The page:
Follow us
Publications Commentary Research People Events News Resources and Videos About IFS
Home Publications We must get used to a new world of work

We must get used to a new world of work

Newspaper article

It’s ten years since those heady pre-crisis days when boom and bust had supposedly been abolished, when we seemed able to afford ever more public spending, and when we could expect earnings to always rise ahead of inflation. The great recession continues to cast a long shadow over all our lives, and not least when it comes to pay.

This week we got more of the same news. Average earnings are rising barely faster than prices. At least they are rising. Astonishingly, real wages remain well below where they were a decade ago. We have not experienced anything like it for at least 150 years.

On the other hand, this week’s bad news on wages was yet again accompanied by good news on jobs. Employment rates are at record levels, the best since comparable data was first collected in 1971. The unemployment rate is lower than at any time since 1975.

Put a dismal productivity performance and a flexible labour market together and that’s what you get. One consequence is that a majority of people who are classified as poor now live in a household where someone is in work. This is a complete turnaround from 20 years ago when two thirds of the poor lived in workless households. We used to think that tackling worklessness and increasing pensioners’ incomes would sort out poverty. That’s another longstanding assumption we need to re-evaluate.

Poor productivity is at the root of much of this but it’s not the whole story. For one thing, work is changing. There are now more than four million people classified as sole traders; a third of the growth in the number of people working in the past decade is due to this growth in self-employment. And if employee earnings have been doing badly, then the incomes of the self-employed have been doing even worse. Their average recorded profits are down by nearly 20 per cent since 2008.

This big expansion in self- employment is partly driven by the expansion of the so-called gig economy. That might itself be one sign of a change in the balance of power in the labour market. The temptation for companies to use self-employed workers rather than those on standard employment contracts are considerable. They avoid not only employer national insurance contributions but also regulation around minimum wages, pension contributions and holiday pay.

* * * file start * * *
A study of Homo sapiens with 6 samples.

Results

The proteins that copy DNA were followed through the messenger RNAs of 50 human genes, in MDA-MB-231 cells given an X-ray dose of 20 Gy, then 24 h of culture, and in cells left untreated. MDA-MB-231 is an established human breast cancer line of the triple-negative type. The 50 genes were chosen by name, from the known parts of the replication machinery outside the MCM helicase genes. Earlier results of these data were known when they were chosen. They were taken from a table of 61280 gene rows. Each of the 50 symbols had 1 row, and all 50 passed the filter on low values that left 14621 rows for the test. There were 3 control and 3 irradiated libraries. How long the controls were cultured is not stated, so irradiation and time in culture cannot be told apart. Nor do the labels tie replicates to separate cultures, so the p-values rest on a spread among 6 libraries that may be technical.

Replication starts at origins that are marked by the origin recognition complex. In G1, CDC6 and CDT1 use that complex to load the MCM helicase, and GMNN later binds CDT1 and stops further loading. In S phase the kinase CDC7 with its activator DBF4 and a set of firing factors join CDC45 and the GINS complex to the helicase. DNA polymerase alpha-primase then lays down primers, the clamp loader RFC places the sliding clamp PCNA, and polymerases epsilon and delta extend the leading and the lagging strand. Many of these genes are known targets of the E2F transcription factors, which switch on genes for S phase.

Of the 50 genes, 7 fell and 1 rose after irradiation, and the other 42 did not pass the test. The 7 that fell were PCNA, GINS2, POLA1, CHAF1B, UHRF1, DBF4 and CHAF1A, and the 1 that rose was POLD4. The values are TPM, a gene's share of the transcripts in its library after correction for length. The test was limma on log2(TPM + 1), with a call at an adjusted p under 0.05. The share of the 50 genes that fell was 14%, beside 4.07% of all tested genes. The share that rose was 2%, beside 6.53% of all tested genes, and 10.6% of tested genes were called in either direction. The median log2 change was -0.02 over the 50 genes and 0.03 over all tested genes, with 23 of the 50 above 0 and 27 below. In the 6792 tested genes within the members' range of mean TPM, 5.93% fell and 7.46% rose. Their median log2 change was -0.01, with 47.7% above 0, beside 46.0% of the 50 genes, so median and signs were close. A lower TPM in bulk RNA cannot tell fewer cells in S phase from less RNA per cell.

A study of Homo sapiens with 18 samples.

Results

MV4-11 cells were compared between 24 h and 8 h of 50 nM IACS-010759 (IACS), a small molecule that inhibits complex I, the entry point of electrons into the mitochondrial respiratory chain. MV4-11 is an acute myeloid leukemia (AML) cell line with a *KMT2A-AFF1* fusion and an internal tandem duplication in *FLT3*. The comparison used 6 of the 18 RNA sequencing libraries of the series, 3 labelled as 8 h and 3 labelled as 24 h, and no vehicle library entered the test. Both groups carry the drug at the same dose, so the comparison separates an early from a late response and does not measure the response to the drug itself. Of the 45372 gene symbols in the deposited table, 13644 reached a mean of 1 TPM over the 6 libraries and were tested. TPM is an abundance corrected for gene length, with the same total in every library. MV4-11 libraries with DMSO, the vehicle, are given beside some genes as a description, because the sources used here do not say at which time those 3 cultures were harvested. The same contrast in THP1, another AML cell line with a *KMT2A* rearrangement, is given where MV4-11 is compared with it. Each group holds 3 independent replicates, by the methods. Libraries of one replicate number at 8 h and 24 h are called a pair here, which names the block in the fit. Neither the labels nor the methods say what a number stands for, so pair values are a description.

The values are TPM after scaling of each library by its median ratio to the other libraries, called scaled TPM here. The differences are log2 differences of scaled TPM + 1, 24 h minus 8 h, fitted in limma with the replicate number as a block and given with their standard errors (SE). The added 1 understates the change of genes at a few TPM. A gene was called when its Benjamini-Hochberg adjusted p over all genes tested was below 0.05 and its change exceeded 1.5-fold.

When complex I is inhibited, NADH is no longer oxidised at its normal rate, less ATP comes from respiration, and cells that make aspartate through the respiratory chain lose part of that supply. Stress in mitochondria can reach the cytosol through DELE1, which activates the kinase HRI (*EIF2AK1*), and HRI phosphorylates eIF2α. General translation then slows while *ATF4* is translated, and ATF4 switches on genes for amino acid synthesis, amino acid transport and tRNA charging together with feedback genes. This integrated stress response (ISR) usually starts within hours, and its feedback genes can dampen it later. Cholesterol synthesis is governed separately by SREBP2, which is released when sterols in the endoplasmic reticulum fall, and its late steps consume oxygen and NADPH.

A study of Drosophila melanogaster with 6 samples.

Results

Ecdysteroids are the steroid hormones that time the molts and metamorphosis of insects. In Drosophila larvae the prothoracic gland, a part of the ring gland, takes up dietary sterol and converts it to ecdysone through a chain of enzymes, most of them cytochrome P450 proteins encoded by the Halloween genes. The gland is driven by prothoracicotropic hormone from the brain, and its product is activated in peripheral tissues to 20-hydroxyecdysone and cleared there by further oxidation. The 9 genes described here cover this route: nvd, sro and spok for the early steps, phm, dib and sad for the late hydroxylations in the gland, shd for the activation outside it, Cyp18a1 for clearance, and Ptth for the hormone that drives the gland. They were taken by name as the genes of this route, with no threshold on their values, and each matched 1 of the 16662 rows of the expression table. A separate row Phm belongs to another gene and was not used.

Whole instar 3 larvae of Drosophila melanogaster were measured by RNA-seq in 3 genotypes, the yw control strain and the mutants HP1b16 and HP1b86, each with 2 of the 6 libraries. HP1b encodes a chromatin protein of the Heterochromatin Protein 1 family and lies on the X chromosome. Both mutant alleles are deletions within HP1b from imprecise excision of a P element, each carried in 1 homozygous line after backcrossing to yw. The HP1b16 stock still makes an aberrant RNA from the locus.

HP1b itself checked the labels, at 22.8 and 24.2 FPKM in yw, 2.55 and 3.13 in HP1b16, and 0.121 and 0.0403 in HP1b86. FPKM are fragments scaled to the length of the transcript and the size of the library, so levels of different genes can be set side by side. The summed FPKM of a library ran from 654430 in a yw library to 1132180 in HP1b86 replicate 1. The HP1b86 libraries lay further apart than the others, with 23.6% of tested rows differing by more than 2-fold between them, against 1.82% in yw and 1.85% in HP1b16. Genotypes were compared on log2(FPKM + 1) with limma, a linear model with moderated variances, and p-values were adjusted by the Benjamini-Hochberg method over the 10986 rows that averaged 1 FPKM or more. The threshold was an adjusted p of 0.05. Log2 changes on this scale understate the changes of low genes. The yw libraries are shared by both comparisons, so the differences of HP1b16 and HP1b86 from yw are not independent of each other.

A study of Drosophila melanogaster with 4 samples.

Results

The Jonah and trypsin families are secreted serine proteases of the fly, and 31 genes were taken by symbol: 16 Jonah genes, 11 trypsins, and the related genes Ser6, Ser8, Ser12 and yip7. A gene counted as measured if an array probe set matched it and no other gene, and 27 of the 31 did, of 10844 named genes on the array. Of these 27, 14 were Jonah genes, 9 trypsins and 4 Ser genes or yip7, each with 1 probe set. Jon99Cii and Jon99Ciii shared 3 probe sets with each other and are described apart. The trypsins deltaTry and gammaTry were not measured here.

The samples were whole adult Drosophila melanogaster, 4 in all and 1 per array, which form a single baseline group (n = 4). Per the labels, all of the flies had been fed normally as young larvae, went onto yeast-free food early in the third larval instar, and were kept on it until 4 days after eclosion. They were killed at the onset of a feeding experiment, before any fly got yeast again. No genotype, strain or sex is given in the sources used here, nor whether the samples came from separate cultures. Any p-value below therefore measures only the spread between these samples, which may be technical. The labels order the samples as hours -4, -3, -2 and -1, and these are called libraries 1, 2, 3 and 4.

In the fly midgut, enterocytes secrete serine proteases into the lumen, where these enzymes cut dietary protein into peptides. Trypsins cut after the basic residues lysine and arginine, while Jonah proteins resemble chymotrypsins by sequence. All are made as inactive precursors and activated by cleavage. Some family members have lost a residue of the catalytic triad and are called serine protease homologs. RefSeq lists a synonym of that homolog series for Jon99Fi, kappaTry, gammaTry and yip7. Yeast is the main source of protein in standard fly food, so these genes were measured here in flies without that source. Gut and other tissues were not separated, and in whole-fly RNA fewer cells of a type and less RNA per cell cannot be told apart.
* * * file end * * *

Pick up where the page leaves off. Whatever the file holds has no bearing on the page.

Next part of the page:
Even among those with standard employment contracts, the remarkable collapse of union membership in the private sector since the 1980s has changed the relationship between employee and employer. Union members are now overwhelmingly working in the public sector, white-collar and middle-aged. Low wages largely affect the young, those in the private sector, and those in service industries. Fewer than 10 per cent of the lowest-paid private sector workers are union members, compared with 66 per cent of the highest-paid public sector workers.

It may also be that this picture of very high levels of employment is a bit misleading. Many of the self- employed are working much less than full-time. There has been a sustained increase in the number of men in employment who are working part-time. Twenty years ago virtually all men in work worked full-time, and often worked overtime on top. Today a fifth of men with the lowest hourly earnings work less than 30 hours a week. They are in work, but far from fully employed.

And while overall employment rates are very high, this is in large part because of the growing presence of women in the workforce, especially lone parents and women in their early sixties who historically have been distant from the labour market. The effective pool of workers has grown. Male employment rates, on the other hand, may be high but are still below the levels of the 1970s, especially for older men. In interpreting the overall employment numbers it’s important to understand what is happening to men and women separately.

There is one more surprise though. I bet you’re thinking this woeful wage growth reflects, on average, the high-paid doing perfectly well, thank you, and the low-paid doing much worse. That was true up to 2008, but not since. Over the past decade there have been bigger falls in earnings for the top 1 per cent than in the middle. And earnings at the bottom have done best of all. That has been especially true since the introduction of the national living wage which has raised the minimum hourly earnings of those aged 25 and over from £6.50 an hour in 2015 to £7.83 today.

Big increases in this minimum are set to continue through to 2020, by which time more than one worker in ten will be receiving it, with much higher proportions among women and in some parts of the country. That’s a lot of people having their wages set directly from Whitehall.

This is a punt on the part of government. We don’t know what the effect will be. With luck it will boost wages, productivity and incomes. But it could easily reduce hours and employment still further. Increasing yet again the difference between employment and other forms of work could also accelerate the move into self-employment, especially if the government continues to fail to deal with the big tax advantages that companies get from using self-employed contractors. Boldness on the minimum wage alone is not enough.

This article was originally published in the Times and is reproduced here with full permission. Paul Johnson is director of the Institute for Fiscal Studies, follow him on Twitter @PJtheEconomist.